What is it about the end of the year that makes us want to get together and celebrate? Around the world, the Holidays are a time for honoring longstanding traditions. Where do these traditions come from? Mostly, they grow out of a need to celebrate the people and things we value in our lives: family, community, peace, joy and giving.

The holidays are also a time for reflecting on our purpose and accomplishments. What am I here for? Is the life I'm building a life worth living? This fall we took our team through a course on how to become an effortless high performer. We learned that in order to be "on a roll" and excel in what we do, we need to identify our life purpose, then coax it into sharper focus.

For the people on our team, tapping into our heart's desire ran the gamut: "serving God," "being happy and making other people happy," "being on a sailboat, at one with the ocean," "living a life that doesn't stink," "becoming a more loving person," "growing in awareness of who I am," "building a business model for a philanthropic economy."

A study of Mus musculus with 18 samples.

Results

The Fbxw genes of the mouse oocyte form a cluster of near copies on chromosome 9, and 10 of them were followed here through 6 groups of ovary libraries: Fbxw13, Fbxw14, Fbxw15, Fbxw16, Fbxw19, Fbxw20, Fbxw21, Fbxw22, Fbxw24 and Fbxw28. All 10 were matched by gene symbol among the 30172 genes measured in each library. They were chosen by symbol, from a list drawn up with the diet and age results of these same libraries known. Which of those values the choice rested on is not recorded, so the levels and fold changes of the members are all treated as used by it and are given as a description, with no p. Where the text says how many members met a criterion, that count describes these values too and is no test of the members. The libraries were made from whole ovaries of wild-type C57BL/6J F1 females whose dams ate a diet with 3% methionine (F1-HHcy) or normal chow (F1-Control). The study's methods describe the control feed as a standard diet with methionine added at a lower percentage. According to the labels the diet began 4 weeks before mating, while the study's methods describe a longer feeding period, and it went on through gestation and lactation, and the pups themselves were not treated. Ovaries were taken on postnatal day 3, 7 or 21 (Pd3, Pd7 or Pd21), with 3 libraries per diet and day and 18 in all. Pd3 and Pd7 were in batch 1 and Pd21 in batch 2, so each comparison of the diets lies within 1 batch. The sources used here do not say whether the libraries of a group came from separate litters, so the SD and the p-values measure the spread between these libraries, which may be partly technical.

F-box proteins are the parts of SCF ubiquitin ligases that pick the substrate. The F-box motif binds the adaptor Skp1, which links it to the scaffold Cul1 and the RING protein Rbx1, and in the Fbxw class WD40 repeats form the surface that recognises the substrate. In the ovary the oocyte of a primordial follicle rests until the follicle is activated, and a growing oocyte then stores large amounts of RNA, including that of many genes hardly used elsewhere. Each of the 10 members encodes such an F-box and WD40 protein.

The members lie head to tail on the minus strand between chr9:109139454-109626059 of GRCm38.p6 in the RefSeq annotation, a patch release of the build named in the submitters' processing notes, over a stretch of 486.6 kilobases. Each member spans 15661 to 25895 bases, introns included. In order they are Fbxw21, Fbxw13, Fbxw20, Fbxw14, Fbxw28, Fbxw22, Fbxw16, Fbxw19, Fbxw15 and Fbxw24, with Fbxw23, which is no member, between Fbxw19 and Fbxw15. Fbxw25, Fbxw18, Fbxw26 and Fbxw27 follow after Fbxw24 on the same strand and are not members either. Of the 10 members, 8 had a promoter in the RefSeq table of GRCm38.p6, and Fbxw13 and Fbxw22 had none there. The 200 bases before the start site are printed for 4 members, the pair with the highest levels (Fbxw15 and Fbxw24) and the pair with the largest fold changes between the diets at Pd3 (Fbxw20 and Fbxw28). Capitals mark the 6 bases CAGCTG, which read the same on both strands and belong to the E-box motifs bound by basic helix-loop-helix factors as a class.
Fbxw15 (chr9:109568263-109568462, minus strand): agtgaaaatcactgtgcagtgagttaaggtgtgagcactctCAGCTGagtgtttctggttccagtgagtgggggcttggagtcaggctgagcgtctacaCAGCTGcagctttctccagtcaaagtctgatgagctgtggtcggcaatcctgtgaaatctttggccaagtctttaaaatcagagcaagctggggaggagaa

Underneath the ostensible differences, we found a common thread: we all yearn to overcome the illusion of separation and experience the bliss of oneness. When the reality of our interconnectedness hits us, giving to "others" becomes as natural as taking care of our own body or feeding our family.

What about philanthropy in business: is it any different? Over the past year, contributors to Networking Times as diverse as Peter Koestenbaum, Marianne Williamson, Frederick Reichheld, Anita Roddick and Peter Senge taught us that the purpose of business is to make life more meaningful for everyone. Our networking profession provides a living testimony of what becomes possible when we truly believe this and walk our talk.

In this combined holiday issue, we chose to continue our year-end tradition of celebrating and sharing the stories that are Moving the Heart of Business®.

Stephanie DuPre notes that because networking is a people business, it inevitably fosters a stronger sense of community and social responsibility.

Colette Larsen gives us a recipe for living and loving with an abundant attitude.

Dr. Denis Waitley sums up the Spirit of Giving by pointing out that "there will be no peace until everyone has a place at the banquet table."

Nido Qubein ties it all together by modeling "a life of significance"--as opposed to one of mere success.

Read on, enjoy the stories, and plug into the power of a purpose-driven life.

JOSEPHINE GROSS, Ph.D. and CHRIS GROSS are co-founders of
Gabriel Media Group, Inc., the publishers of Networking Times.